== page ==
Despite the success that European countries had with the dogs used during World War I, the U.S. government had never proceeded with organizing a canine unit for the military. When the country heard the news of what happened at Pearl Harbor, one woman was galvanized to take action.
Alene Stern Erlanger (1894-1969) was a well-respected dog expert and the owner Pillicoc Kennels, specializing in poodle breeding. Erlanger immediately contacted Arthur Kilbon, a writer at the New York Sun who frequently wrote about dogs, saying: “The dog must play a game in this thing. Other countries have used dogs in their Armies for years and ours has not. Just think what dogs can do guarding forts, munition plants, and other such places.”
That was just the beginning of her involvement. She soon enlisted the backing of the American Kennel Club, which gave both verbal and financial support to Dogs for Defense, the organization she formed.
Erlanger quickly involved Henry Stoecker, who was a second generation dog trainer who had emigrated from Germany in the 1920’s. In Germany, his family had trained dogs for military and police work. After arriving in the U.S., he bought a poodle from Pillicoc, so Erlanger was able to observe what he accomplished with her dog. She soon hired him to be her kennel manager.
Dogs for Defense had promised 25,000 dogs to the Army, and Mrs. Erlanger put Stoecker in charge of some of the early dogs donated. (Nine of her own poodles were placed with the military, but her champion dog, Rumpelstiltskin, did not serve; he was deemed too temperamental.)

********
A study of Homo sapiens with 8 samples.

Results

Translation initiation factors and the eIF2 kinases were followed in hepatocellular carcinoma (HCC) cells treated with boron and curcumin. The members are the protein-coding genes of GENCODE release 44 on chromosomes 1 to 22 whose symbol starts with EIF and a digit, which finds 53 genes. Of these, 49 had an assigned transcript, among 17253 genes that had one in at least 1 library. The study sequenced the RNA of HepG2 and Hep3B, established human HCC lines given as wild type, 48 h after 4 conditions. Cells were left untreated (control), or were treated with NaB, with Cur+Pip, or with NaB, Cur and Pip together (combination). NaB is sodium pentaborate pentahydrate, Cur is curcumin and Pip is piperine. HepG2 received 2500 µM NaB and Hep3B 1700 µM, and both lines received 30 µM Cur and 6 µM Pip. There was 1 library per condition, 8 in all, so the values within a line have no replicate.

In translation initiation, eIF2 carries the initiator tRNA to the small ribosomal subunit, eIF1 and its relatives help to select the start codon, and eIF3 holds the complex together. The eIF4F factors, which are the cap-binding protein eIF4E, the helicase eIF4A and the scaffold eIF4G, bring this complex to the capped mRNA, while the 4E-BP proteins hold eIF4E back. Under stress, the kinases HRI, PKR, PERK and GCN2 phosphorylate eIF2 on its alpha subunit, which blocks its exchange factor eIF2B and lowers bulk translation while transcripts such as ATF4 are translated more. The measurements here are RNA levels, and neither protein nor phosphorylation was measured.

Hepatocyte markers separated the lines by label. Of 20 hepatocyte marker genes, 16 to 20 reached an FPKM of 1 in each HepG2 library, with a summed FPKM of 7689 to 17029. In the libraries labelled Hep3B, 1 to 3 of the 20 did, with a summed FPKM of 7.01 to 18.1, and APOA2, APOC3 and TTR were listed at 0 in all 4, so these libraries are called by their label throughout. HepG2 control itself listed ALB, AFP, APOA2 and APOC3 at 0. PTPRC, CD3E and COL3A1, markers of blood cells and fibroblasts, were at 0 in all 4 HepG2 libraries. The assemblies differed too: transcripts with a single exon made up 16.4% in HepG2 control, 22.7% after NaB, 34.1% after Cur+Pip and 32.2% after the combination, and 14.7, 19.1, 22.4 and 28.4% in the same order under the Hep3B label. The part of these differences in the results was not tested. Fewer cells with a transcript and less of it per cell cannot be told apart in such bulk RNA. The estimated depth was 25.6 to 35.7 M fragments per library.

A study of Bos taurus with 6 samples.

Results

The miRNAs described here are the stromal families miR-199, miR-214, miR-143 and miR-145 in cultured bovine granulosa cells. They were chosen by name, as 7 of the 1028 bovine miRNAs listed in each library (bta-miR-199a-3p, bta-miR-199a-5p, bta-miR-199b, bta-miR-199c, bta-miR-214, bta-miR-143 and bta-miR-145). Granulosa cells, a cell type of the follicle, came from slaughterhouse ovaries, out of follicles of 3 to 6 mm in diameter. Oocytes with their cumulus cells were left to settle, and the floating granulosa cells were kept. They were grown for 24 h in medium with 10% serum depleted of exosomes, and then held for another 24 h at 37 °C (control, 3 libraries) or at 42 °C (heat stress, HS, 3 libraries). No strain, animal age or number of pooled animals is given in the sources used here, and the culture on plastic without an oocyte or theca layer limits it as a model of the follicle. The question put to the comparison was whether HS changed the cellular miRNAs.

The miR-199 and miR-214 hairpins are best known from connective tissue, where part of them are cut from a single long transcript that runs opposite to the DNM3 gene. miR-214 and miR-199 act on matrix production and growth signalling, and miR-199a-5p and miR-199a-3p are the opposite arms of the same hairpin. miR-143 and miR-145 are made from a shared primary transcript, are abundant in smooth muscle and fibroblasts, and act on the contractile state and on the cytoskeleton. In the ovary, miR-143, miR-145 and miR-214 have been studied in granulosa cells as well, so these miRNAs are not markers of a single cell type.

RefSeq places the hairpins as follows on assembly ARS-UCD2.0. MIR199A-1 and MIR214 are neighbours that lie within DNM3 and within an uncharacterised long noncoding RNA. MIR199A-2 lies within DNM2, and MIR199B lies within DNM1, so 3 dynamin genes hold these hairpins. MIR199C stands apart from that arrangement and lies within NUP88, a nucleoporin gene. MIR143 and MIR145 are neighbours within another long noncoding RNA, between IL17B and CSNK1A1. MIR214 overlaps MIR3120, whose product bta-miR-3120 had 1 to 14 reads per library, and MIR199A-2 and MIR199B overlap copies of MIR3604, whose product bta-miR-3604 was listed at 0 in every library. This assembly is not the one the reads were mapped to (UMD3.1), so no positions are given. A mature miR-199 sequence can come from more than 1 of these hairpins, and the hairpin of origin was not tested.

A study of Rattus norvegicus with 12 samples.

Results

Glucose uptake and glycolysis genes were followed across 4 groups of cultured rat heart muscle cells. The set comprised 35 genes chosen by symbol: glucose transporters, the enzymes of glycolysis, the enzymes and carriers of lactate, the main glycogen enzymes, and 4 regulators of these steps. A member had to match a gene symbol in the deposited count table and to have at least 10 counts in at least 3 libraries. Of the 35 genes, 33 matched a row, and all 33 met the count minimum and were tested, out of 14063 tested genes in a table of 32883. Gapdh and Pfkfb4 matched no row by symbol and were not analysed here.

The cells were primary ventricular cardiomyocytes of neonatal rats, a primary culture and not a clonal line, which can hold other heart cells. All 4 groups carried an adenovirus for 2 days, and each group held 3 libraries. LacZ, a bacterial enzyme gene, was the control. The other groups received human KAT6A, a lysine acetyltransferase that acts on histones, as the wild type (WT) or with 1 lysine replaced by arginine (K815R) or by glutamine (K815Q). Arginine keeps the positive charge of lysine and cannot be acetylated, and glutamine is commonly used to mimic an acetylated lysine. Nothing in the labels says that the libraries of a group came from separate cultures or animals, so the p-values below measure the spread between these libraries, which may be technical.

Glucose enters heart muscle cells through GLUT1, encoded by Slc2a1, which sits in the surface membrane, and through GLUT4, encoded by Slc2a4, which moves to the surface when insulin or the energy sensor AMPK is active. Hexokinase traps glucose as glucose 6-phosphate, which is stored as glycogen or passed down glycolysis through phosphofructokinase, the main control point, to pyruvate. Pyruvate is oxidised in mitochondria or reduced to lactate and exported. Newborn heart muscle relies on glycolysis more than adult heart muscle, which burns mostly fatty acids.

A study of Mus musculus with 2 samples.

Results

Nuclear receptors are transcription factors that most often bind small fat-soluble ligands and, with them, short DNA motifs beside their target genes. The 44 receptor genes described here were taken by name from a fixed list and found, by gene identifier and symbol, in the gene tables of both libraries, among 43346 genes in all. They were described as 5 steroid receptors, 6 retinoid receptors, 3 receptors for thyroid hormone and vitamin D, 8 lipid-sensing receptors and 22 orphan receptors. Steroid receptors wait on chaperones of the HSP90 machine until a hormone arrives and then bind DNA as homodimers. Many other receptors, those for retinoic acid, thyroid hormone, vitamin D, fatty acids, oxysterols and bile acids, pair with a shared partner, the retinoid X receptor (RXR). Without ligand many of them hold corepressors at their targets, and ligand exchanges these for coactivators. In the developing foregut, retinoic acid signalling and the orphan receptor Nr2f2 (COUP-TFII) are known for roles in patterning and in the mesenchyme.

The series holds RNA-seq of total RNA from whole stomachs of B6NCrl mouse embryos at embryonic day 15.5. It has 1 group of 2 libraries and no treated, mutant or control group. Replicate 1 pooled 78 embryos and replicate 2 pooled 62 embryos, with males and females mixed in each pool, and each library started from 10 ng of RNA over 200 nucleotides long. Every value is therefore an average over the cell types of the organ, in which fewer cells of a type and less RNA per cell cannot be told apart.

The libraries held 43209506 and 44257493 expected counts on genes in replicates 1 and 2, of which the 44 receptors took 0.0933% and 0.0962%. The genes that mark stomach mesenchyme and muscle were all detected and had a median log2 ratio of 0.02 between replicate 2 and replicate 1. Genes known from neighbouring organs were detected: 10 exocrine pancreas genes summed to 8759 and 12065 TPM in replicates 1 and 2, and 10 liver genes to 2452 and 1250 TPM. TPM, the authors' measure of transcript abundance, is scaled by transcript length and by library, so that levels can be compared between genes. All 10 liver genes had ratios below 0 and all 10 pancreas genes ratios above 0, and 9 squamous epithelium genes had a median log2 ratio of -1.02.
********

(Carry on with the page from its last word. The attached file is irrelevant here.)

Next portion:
A key element of the training involved working with the men who were going to be with the dogs, so when Stoecker started the training school at Erlanger’s Pillicoc Kennels, military police were the among the first to be assigned to attend classes and learn to work with the dogs. The men were initially skeptical of “the ‘exotic breeds,’ particularly the Poodles, these men soon learned that even such ‘Park Avenue’ pets were he-men at heart,” reported The Saturday Evening Post (September 5, 1942).
Poodles during the War
A few weeks after the training had commenced, eight show dogs were turned over to Brigadier General Phillip S. Gage, who was in charge of harbor defenses of Sandy Hook, New Jersey. Though private companies manufacturing war supplies had taken early graduates of the canine program this was the first group to go to a military installation. The dogs were presented by Alene Erlanger and consisted of “three black poodles, two Dalmatians, an Airedale, a German shepherd and an Afghan hound.”
Poodles were instrumental in getting the Dogs for Defense program started. They were primarily used in sentry positions in the United States rather than being placed on the battlefield overseas. “This breed has unusual ability to learn and retain and keen senses. A drawback is a rapidly-growing coat, [they] never shed, and it requires constant cutting to prevent its becoming matted.” It was also noted that they were essentially a friendly dog, which could be problematic. (For an incredible amount of information about poodles in history, please refer to The Poodle History project.) And for more specifics on poodles during World War II, please see: “Poodles in WWII,” by Suzanne Carter Isaacson.
While today this may seem like a less important job, at the time, it was considered absolutely vital to home security. Two groups of German spies had been captured within the United States (one group on Long Island, the other in Florida) and these incidents, in addition to Pearl Harbor, meant that citizens were very concerned about homeland safety.
Erlanger Serves as a Civilian Consultant
As a civilian consultant to the Quartermaster General, 1942-45, Erlanger laid the groundwork for the K-9 corps, wrote training manuals, and supervised dog training programs. She was awarded the “Exceptional Civilian Service Award” by the government in 1945.
In addition to being considered one of the world’s leading judges of dogs of all breeds, she was also the author of Pet Poodle, a manual (1954). She was co-owner, with her husband textile manufacturer Milton Erlanger, of Woodside Stables and also had a large aviary. She was treasurer of the International Council on Bird Preservation and active in other conservation groups.
Alene Erlanger died on June 26, 1969.